4 Worst Low-Carb Dieting Mistakes

In a world that seems to treat carbs as the ultimate enemies of health and beauty, the popularity of low-carb diets that emphasize the intake of protein and healthy fats is not surprising. But many of those dieting attempts will not be successful simply because it’s so easy to get a low-carb diet wrong if you don’t know the fundamentals.

There are mistakes that can hinder your progress, cause adverse effects and you will want to avoid them at all costs. And if you’re already willing to put in the effort, why not make sure that you will reap maximum metabolic benefits from your low-carb diet?

Most common low carb dieting mistakes

Here are the most common low-carb dieting mistakes and how to prevent them. 

  1. Not Going Low Enough

As a general rule, for a diet to be low-carb, the carb intake needs to be anywhere less than 100-150 grams per day. This can yield amazing results, but biologically speaking, it probably won’t be not low enough for your body to enter ketosis, which usually requires a carb intake of 50 grams per day or less.

Any of those cuts is easier said than done, considering how heavily the modern Western diet relies on all kinds of sugars for flavoring processed foods. Carbs tend to creep up from everywhere, and it can be really hard to maintain the upper limit. Therefore to make it work, you should make sure to eat only natural, unprocessed foods, and stay on top of your calorie calculations.

  1. Relying Too Much On Protein

Given that carbs are out, most people would focus on improving the protein sources in their diet, and for a good reason. Protein is a crucial nutrient found in literally every body part and tissue that is involved in countless physiological processes that make our bodies tick. High protein intake is related to accelerated fat burning and weight loss, improved athleticism, increased energy levels, increased feelings of fullness.

But too much of a good thing can be a bad thing, and it’s typical for low-carb dieters, especially first timers, to begin relying too much on it. Again, this will prevent your body from going into ketosis, because all of that excess protein that you eat will be transformed into glucose.

The best low-carb diets are actually moderate in protein and high in fat. A good range to aim for is 0.7-0.9 grams of protein per pound of body weight (1.5-2.0 grams per kg).

  1. Making Fat Your Enemy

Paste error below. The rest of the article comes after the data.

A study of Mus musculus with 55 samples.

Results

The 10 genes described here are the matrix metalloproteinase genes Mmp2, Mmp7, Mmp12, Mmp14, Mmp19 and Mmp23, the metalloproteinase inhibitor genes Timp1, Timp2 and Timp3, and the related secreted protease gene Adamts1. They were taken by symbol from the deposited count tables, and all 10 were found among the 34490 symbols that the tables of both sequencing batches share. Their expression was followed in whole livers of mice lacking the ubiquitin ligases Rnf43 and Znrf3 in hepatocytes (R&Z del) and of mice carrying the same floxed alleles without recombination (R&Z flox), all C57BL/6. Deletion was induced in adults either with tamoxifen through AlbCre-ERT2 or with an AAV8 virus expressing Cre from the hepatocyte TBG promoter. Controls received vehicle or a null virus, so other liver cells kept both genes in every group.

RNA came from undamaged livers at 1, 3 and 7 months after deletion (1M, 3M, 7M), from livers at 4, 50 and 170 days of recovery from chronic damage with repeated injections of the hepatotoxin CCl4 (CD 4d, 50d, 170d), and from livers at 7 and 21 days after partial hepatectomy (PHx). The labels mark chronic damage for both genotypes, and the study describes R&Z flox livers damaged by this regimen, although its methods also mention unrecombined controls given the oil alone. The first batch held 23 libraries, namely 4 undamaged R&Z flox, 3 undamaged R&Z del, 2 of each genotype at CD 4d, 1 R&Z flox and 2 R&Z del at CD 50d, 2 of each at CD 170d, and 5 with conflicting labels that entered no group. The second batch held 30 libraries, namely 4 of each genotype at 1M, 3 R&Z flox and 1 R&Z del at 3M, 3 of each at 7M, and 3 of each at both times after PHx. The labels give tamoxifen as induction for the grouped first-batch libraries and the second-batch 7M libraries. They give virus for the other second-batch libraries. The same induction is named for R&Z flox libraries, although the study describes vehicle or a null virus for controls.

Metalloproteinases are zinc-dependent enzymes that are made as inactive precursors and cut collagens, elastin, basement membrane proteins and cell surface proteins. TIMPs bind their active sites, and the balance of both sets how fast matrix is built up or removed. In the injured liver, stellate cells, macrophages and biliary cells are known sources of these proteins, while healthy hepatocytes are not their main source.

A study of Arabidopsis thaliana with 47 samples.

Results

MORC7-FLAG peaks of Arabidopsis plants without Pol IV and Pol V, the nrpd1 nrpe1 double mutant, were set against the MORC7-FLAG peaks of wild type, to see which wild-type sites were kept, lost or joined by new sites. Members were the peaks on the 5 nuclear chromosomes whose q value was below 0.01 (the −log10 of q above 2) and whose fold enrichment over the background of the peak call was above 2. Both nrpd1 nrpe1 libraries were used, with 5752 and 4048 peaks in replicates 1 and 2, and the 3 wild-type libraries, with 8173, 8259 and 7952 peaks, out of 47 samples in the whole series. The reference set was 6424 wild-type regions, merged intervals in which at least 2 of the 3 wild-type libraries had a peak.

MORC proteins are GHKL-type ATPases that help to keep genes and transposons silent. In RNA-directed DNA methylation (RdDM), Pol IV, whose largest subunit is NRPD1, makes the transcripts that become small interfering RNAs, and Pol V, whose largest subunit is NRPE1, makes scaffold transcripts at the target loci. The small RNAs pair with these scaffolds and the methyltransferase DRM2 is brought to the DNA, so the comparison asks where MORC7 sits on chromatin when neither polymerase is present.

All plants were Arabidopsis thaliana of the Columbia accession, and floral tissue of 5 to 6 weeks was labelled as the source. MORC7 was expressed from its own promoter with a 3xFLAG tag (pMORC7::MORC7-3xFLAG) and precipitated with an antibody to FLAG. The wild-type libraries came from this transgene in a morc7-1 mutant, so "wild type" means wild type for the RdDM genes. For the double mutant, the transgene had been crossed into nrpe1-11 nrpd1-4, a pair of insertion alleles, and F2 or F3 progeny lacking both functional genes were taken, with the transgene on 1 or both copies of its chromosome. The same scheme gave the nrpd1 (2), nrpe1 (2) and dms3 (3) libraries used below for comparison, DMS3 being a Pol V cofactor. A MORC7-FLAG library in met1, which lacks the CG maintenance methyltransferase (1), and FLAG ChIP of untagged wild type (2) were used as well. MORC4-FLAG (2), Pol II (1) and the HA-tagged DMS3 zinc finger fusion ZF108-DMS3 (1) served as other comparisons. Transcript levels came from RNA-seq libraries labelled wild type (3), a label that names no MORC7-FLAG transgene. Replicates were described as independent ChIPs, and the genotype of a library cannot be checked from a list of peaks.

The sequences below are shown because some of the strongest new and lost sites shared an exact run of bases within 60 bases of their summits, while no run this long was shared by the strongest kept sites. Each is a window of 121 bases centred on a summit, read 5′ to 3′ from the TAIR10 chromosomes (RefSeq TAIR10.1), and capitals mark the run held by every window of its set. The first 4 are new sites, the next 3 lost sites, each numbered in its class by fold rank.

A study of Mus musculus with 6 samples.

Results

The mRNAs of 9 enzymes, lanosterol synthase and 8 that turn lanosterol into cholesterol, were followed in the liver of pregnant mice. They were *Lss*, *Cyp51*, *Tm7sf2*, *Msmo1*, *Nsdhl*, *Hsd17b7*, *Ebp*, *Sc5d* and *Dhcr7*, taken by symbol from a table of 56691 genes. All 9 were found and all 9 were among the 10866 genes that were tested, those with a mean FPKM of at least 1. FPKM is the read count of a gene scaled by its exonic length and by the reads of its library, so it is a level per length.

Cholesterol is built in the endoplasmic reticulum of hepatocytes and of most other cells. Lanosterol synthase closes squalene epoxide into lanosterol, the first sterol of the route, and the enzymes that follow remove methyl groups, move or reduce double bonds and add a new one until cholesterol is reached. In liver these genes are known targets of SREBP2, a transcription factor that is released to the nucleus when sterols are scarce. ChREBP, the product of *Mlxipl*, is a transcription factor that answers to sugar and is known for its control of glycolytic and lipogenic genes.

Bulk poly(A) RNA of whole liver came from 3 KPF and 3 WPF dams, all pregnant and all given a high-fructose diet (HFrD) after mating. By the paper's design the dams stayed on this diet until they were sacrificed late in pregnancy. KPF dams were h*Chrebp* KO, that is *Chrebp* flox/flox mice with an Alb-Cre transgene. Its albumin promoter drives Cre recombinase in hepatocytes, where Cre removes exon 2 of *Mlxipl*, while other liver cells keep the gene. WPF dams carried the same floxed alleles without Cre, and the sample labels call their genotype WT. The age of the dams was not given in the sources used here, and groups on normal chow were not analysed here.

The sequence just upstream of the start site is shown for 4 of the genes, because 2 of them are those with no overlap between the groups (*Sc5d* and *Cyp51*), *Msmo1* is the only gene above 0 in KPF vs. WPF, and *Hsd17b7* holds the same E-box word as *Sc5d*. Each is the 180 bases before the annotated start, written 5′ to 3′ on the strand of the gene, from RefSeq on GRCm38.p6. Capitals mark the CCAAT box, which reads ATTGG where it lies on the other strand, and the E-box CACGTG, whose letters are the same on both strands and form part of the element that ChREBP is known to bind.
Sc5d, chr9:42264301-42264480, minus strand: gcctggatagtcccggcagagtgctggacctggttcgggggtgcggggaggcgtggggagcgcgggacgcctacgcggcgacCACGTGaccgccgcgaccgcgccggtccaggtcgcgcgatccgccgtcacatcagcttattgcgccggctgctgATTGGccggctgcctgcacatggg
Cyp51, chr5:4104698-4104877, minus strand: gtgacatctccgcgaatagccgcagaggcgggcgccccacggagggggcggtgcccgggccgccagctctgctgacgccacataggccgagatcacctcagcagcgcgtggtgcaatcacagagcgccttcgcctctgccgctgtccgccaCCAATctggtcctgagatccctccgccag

Protein and fiber is not all you have left after taking carbs out of the equation. Remember fats, the foundational element of a healthy which the body cannot make itself ? Yes, they are crucial, not only for the functioning of bodily processes such as the absorption of vitamins and hormone production, but also for maintaining a healthy weight.

Eliminating quality sources of fat from our lives can wreck havoc in our bodies, instead of supporting our health, as it was once believed. In fact, science has long shown that there is no reason to fear fat – as long as we’re talking for healthy fats like omega-3 instead of toxic trans fats.

And when you’re on low-carb diet, you can’t depend solely upon protein for your dietary needs. A fat intake around 70% of total calories should be a good choice.

  1. Low On Sodium

Low-carb diets work by reducing insulin levels and improving insulin sensitivity. A part of insulin’s job in your bodies is to basically tell your fat cells to store fat and your kidneys to retain sodium.

As the insulin levels go down, the body starts excreting excess sodium, as well as excess water. That’s the reason why bloating disappears in the first couple of days of low-carb dieting. But this can be problematic, because low sodium levels can cause various issues in the organism. Sodium is both an electrolyte and mineral, so it helps keep the water and electrolyte balance of the body and supports nerve health.

Chronically low sodium levels can cause fatigue, headaches, constipation, nausea, confusion, and even seizures and coma. To avoid this issue, regularly supplement your diet with sodium. If you’re not a fan of table salt, there are many more creative ways to add some saltiness to your daily menu.

Why a low carb diet ?

Low-carb diets might just save the world. The reduction of carb intake has proven to be effective for everything from burning visceral belly fat to improving cholesterol and triglyceride levels and protecting cardiovascular health, and new evidence just keeps piling up every day.

If you’re ready to go low-carb, congratulations to you!

You’re half-way there – now just make sure to make smart choices about your new dietary formula that will prevent the above mentioned mistakes from keeping you from your goals.

Remember that your body will keep on burning carbs until you teach it otherwise through discipline. Once it learns that carbs are no longer available, it will shift to burning fat sooner or later.

The transition won’t be a smooth ride, though. It can take a few days for your body to adapt to the shift, during which you might find yourself suffering from the “keto flu”. This means that you will feel mildly unwell for a few days while your body adjusts, then return to normal. It’s crucial that you don’t quit your diet during this period – stay calm and patient and stick to your regime.